Manley Labs Stingray iTube integrated amplifier Page 2

During my time with the Stingray, I did a lot of switching between the triode and ultralinear modes. Knowing how little power the Stingray puts out in triode mode, and with my prior experience with Rogue Audio's M180 (see my review in the January 2010 issue), I thought ultralinear mode might be a better match with most of the speakers I had on hand. Not so. I ended up preferring the iTube in triode mode: it offered a seamless balance between the midrange and the treble regions, fleshed out the midrange, and widened and deepened the soundstage. Ultralinear mode, on the other hand, didn't seem to add significant control to the mid- and lower bass, nor did it increase the iTube's dynamic capability enough to outweigh triode's charms.

Three Norwegian women in my room
The Stingray iTube immediately proved that under its bold exterior lurked an amp full of elegance, subtlety, and charm. The Stingray hung each of the three voices on Trio Mediaeval's Folk Songs (CD, ECM New Series 2003) in lateral space while projecting the depth of the hall where the three singers recorded this fantastic album. I'm quite obsessed with the opening track, "Det Lisle Bånet," a medieval ballad that pairs the haunting sound of these singers with the most rocking Jew's-harp playing you've ever heard. I've worked with Trio Mediaeval on two occasions and have gotten to know them personally. They are the loveliest people. The Stingray brought each of these wonderful musicians into my living room in a palpable and musical way. I heard and felt the richness and calm of Torunn Østrem Ossum's voice, Anna Maria Friman's slightly burnished sound and fiery spirit, and Linn Andrea Fuglseth's singing, which to me is the sound of pure joy. It made me miss them terribly.

As I listened to Folk Songs, the iTube's subtle character began to shine through. The treble had a grainless, extended, airy quality that was unlike anything I'd heard before in my listening room. Sibilants lacked any hint of electronic edge. However, the treble was a bit more present through the Manley than through the Pass Labs Aleph 3 or XA.30.5, or the Rogue M180. But when the Stingray was mated with overly bright speakers playing bad recordings, things could get a little out of hand. My Revel F30s were a good match in this regard, the Totem Acoustic Forests less so. Yet when paired with the right cables and speakers, the lifelike shimmer the Stingray brought to music was beguiling.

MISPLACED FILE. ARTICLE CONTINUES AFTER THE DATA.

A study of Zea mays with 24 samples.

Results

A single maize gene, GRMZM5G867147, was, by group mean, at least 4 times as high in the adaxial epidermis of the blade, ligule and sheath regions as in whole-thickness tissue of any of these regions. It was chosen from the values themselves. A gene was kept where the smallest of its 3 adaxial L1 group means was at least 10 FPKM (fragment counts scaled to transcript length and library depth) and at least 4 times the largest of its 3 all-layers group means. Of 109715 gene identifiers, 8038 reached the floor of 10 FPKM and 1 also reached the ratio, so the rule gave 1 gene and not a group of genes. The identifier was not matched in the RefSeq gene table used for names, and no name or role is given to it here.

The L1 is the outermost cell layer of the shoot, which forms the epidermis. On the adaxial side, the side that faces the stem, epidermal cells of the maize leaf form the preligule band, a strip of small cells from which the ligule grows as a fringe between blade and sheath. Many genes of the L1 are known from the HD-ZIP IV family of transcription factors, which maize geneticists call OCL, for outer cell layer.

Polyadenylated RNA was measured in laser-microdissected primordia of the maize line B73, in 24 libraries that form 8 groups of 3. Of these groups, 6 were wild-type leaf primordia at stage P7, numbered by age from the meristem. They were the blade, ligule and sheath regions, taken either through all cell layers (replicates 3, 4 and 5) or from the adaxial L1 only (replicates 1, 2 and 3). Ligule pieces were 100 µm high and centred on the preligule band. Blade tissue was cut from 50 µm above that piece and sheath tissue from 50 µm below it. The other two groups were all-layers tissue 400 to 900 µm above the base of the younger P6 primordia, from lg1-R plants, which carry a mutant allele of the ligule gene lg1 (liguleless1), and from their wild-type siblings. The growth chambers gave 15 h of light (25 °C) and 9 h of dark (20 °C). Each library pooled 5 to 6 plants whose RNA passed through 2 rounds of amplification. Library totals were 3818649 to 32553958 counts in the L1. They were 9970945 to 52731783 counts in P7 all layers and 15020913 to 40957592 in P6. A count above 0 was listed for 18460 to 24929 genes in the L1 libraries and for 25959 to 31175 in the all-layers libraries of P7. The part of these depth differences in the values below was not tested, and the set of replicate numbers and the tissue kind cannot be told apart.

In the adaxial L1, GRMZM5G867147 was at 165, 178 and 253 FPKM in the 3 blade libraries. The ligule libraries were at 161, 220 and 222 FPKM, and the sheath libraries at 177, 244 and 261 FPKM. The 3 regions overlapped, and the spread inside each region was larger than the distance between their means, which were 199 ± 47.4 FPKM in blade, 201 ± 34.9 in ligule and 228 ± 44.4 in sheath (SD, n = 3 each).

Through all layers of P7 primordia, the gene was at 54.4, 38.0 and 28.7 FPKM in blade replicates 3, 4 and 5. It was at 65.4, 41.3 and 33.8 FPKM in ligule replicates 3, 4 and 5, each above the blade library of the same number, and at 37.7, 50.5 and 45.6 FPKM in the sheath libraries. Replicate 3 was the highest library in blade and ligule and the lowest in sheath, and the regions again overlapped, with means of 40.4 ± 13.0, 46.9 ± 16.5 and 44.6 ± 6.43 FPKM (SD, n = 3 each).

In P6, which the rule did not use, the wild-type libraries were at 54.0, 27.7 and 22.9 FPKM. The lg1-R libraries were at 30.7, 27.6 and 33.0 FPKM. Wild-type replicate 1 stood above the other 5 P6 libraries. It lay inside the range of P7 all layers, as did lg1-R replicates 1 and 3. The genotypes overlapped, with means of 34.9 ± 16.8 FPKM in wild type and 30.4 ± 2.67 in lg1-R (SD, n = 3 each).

Jazz, too, sounded great through this amp. I pulled out one of my favorite albums, Jim Hall and Paul Desmond's Take Ten (CD, Bluebird/RCA 66146-2). Through a pair of old Revel Ultima Gems borrowed from a friend, I just couldn't get enough of the sound of this record. Desmond's alto sax had his signature mixture of warm tone and breathiness, and Jim Hall's strumming and picking occasionally sounded as if there were a real live guitar amp in my room. Each of the instruments hung in its own space between or outside the speakers, and there was a certain ease of the sound through the Stingray that was so right. Listening to Take Ten through my Revel F30s was also a treat, even if the double bass got a bit fat in the lowest octave. The Stingray kept good control of the mid- and upper bass, but from about 60Hz down this little integrated sounded a little loose.

To fully test the Stingray's bass control and ability to rock, I put on Justice's (CD, Downtown 224892-2). This well-recorded album of rockin' electronica goes to and stays at 11. Seriously, this stuff is EPIC! The first track, "Genesis," sounded engaging and well balanced at low to medium volumes, and the iTube did a good job of keeping the rhythmic pace. But when pushed to extreme levels, the Stingray couldn't quite keep the music together. Honestly, no 18W triode tube amp should be expected to run a dance club, but I had to try.

Another electronic-based album that sounded fantastic through the Stingray was Portishead's latest album, Third (CD, Mercury B0011141-02). This band has never shied away from setting Beth Gibbons' vulnerable, yearning, soulful singing against dirty, gritty sounds. The iTube captured the textures of the sounds on Third while keeping great time. This music creates a broad sweep of sound that the Stingray evidently just loved to reproduce, even at loud levels, and always present in that sound was that effortless, shimmery, slightly forward treble. Yum.